I was in flight from my suburban bubble and was seeking the worldliness and maturity only a boarding school education could give me. Eager to make a strong impression as a new 10th grader at Lawrenceville, I signed up for the club fair to promote my club about Veterans, the one aspect of my identity I’d never leave behind. As I sat in my blue chair, looking up at students walking by, someone said, “Look, it’s the Young Conservatives Club.” A group of my classmates laughed. My face grew hot. I was shocked; I had always been patriotic, but I had not meant to be political. I looked down at my blank sign up sheet, defeated.
Early on, my patriotism was uncomplicated and took the form of an interest in Veterans. It started one day when I saw a soldier kneeling on the sidewalk with his toddler. Tugging my mom behind me, I walked up to him and said, “Thank you for your service.” He grinned at me and his smile sparked an enduring passion.
I became an Honor Flight guardian for a Veteran at age thirteen, the youngest one ever. Aware of my age and inexperience, I was nervous for my first flight. But then I met Pasquale, the first of several Veterans I would shepherd through an honor flight to DC. Looking up from his wheelchair, Pasquale opened his heart to me. I learned he had been a recent immigrant when he was drafted for Vietnam, and I was in awe of his sense of duty to his new country. His story ratified the pure love I felt for my country. Then I learned how he was treated after the war. Spit on, ridiculed, he became ashamed of his service and sacrifice. Pasquale’s stories complicated my own feelings and beliefs. I felt embarrassed about how we treated Vietnam Veterans, embarrassed I hadn’t known. Through this encounter, I learned to be more curious, to better understand our history, to question my own beliefs.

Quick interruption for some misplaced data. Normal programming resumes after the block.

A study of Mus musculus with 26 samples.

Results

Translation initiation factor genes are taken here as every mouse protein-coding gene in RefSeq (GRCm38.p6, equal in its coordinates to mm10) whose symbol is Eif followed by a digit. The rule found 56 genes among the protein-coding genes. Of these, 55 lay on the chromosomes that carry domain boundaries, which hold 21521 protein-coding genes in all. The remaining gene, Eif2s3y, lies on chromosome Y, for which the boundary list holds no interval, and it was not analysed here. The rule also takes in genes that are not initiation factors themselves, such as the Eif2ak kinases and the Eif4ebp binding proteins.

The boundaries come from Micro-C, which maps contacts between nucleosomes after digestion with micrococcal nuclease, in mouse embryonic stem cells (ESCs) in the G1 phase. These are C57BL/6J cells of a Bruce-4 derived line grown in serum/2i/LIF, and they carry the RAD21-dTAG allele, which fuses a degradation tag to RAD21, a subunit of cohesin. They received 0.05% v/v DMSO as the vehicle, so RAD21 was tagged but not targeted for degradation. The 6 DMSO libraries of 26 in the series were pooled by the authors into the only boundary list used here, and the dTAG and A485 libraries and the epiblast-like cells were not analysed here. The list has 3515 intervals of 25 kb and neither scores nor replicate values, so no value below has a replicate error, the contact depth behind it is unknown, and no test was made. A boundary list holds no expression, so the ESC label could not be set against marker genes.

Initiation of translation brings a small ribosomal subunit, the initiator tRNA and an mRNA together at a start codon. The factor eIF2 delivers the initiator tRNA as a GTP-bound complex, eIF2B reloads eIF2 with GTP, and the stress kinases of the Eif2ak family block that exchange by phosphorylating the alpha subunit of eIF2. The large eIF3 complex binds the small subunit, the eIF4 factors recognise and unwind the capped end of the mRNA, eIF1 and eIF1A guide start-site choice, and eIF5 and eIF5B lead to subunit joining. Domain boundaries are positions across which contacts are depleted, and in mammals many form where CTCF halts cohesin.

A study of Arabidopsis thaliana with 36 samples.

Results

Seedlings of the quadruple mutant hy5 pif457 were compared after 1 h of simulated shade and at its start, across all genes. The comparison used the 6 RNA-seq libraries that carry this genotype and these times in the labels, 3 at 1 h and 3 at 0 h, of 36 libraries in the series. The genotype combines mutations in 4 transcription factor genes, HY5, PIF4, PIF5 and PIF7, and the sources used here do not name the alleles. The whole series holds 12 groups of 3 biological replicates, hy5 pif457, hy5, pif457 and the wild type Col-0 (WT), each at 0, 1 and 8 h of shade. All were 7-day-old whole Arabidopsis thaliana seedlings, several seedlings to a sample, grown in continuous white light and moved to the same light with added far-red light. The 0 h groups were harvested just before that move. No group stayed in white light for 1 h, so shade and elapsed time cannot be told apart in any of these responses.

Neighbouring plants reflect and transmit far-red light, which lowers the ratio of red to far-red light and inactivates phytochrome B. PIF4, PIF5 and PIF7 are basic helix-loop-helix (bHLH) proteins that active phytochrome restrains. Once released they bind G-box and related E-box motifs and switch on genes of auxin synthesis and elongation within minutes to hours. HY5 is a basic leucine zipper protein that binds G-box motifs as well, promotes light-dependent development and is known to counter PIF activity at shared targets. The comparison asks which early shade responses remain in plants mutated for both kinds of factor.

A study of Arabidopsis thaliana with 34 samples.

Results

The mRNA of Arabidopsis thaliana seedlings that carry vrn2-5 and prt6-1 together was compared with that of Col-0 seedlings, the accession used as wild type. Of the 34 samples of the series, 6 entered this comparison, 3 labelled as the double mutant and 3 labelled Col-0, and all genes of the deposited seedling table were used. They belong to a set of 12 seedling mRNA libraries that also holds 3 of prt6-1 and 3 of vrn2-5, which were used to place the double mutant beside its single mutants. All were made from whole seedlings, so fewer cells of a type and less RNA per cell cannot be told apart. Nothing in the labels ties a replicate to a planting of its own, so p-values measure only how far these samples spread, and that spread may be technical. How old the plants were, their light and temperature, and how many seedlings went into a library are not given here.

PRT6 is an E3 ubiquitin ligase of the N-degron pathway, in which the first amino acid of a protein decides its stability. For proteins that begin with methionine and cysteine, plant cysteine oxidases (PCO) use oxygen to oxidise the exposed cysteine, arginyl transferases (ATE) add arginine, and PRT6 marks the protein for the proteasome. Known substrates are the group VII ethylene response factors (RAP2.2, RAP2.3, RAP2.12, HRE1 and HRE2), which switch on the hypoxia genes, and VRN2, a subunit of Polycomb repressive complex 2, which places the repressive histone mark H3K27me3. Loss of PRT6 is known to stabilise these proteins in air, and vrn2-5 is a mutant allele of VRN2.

On July 4th, 2022 my sense of identity as a patriotic person was not only challenged, it was truly threatened. As my mom and I watched the Highland Park Parade, the ground shook like a jackhammer. I looked up. Fireworks? I thought. Suddenly the crowd split into jagged groups bolting in different directions. We all ran as Robert E. Crimo shot over 70 rounds into the crowd. Once we were safe and the fallout became clear, I was overcome with fear, shame, and anger. How could I continue to serve a country that would allow this to happen? I felt lost.
Just five days after the shooting I was scheduled for more Honor Flight training, and for the first time ever, I was dreading it. But that morning, in a training video, I watched the strangers in airports cheer, showing their love for the Veterans whose faces beamed with gratitude. My heart swelled again with pride. The ultimate goodness embedded in this event reaffirmed my patriotism, even if it was now more complicated and even sometimes politicized. As Pasquale showed me, even loyal Veterans experience moments of doubt.
Senior year, when I returned to my hometown for school, I was no longer in flight. I wasn’t flying away to try to get smarter or more sophisticated. In fact, through my renewed commitment to Veterans, I felt grounded in a newfound confidence. This time, my Veterans club got off the ground—maybe because I know a little more than I did before. Maybe because my ideals were challenged, and I had to accept that love and service aren’t always easy. I learned to accept that honoring oneself, honoring one’s country, has always been complicated, probably since the first 4th of July. I hope I never again hear gunshots at a parade but I’m going to keep serving others, and I’m going to keep looking up.